There are very specific child support guidelines in the state of Arizona that courts follow when determining the amount of child support that the supporting parent will pay. With the change of demographics in the workforce the trends and statistics surrounding those numbers are changing.

Who is the primary care giver?

In a society where roughly 50 percent of marriages end in divorce many parents face the reality of a child custody arrangement. The difference now from many years ago, however, is that around 70% of mothers have joined the workforce either in addition to or in replacement of their partners. Either children are in daycare or the partner is the primary care giver. With mothers no longer automatically being the primary care giver, the courts have been trending toward granting custody 50/50 to the parents.

Equal Time doesn’t always mean Equal Pay

50/50 custody does not always mean equality in the amount of child support expected of each parent. In addition to evaluating the amount of time each parent spends with their children, the courts look at the gross income of each parent among other factors to determine how much the supporting parent will have to pay. Sometimes if the mother is the primary earner in the family and both parents split custody 50/50, the mother will pay the father child support.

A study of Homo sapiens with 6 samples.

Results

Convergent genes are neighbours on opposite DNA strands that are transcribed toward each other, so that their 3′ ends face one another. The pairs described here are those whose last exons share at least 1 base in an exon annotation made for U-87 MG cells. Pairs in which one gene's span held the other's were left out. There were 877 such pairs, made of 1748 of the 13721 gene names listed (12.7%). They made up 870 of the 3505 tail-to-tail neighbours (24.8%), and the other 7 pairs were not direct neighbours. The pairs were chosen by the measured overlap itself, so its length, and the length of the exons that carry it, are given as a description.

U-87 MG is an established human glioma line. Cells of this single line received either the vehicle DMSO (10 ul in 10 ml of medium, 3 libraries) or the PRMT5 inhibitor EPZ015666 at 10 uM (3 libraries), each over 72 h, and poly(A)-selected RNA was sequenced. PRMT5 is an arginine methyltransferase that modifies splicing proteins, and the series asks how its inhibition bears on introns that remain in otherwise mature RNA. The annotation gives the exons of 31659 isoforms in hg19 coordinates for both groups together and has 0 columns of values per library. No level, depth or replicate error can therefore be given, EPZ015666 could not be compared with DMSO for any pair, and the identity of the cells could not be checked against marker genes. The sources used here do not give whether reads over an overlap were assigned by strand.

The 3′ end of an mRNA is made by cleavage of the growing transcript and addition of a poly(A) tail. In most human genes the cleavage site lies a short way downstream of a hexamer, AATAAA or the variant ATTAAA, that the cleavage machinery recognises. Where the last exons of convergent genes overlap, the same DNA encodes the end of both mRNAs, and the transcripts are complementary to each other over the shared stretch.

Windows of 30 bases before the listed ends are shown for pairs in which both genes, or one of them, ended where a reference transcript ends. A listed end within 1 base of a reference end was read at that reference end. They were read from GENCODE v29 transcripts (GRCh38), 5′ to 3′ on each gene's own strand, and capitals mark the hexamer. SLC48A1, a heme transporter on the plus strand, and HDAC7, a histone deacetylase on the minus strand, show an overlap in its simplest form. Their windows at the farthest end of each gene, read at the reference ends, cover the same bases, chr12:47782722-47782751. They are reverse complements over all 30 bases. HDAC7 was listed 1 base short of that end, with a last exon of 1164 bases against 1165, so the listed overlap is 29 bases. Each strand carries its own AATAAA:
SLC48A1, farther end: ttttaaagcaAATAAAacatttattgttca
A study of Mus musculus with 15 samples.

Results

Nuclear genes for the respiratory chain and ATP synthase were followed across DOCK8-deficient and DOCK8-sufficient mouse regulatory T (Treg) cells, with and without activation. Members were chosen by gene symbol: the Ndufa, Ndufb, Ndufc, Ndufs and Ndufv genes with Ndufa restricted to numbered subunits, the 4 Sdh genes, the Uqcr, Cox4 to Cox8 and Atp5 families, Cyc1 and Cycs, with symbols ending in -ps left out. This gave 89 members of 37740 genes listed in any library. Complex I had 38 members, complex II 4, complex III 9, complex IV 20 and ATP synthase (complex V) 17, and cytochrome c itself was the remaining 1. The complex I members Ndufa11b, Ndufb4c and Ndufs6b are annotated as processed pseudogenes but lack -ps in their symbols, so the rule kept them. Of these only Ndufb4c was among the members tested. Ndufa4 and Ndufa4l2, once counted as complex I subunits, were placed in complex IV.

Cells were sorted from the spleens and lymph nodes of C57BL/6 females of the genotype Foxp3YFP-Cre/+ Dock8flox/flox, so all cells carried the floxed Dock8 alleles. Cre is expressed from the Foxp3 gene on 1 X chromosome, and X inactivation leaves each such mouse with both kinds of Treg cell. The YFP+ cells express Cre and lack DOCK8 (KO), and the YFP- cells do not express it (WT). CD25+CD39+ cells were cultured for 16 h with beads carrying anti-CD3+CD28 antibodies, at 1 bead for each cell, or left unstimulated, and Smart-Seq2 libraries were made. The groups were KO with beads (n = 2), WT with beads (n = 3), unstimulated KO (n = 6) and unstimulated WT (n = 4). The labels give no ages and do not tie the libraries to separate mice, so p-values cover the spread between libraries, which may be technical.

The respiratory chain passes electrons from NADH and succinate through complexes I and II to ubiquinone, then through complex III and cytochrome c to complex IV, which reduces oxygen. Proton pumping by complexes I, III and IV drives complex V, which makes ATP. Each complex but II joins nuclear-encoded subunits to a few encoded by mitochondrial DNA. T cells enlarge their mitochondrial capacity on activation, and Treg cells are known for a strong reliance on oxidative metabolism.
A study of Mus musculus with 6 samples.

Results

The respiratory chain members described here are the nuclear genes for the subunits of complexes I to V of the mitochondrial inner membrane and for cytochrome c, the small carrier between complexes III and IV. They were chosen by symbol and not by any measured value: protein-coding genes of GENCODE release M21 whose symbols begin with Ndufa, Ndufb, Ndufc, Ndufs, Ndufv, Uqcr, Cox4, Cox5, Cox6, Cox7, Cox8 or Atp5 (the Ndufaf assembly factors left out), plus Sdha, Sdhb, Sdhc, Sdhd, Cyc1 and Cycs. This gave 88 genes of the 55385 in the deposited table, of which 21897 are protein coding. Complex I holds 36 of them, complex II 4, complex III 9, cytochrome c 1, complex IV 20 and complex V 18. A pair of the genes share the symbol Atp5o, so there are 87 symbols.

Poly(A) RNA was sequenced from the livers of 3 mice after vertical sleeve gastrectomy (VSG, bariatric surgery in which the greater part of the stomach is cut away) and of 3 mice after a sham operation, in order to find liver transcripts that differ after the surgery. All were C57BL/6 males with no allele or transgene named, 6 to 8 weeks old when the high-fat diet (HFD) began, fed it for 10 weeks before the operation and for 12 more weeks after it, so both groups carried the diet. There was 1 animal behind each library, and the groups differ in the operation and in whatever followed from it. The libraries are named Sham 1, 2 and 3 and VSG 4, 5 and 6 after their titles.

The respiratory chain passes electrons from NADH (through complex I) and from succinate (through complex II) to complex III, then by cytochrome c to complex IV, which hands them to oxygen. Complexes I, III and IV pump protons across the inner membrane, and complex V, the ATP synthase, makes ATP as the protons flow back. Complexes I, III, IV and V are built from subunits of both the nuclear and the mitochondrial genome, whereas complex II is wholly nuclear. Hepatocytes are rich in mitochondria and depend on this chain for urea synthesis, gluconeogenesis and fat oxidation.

The main thing that the courts care about is the welfare of the child/children and both parents are obligated to provide for them within their ability to do so. The care of the children is first and foremost above any other debt obligation in the court’s eyes.

Change in plans

Child support is not forever set in stone. If circumstances change and the income situation of either parent changes for the better or worse, either party can submit a child support modification to maintain an equal and fair share of the responsibility of caring for the children.

In the case that the supporting parent does not meet his or her obligation to provide the support the court has ordered, there are also ways to encourage them to stay current such as interest, fines, income withholding, garnishing tax returns etc.

Talk to Ronald L. Kossack, an Arizona Family Law Attorney

The Law Office of Ronald L. Kossack can provide a free initial consultation to discuss your family law matter and how they can assist you. To speak with a caring and experienced Family Court Lawyer, call 480-345-2652 or visit us online.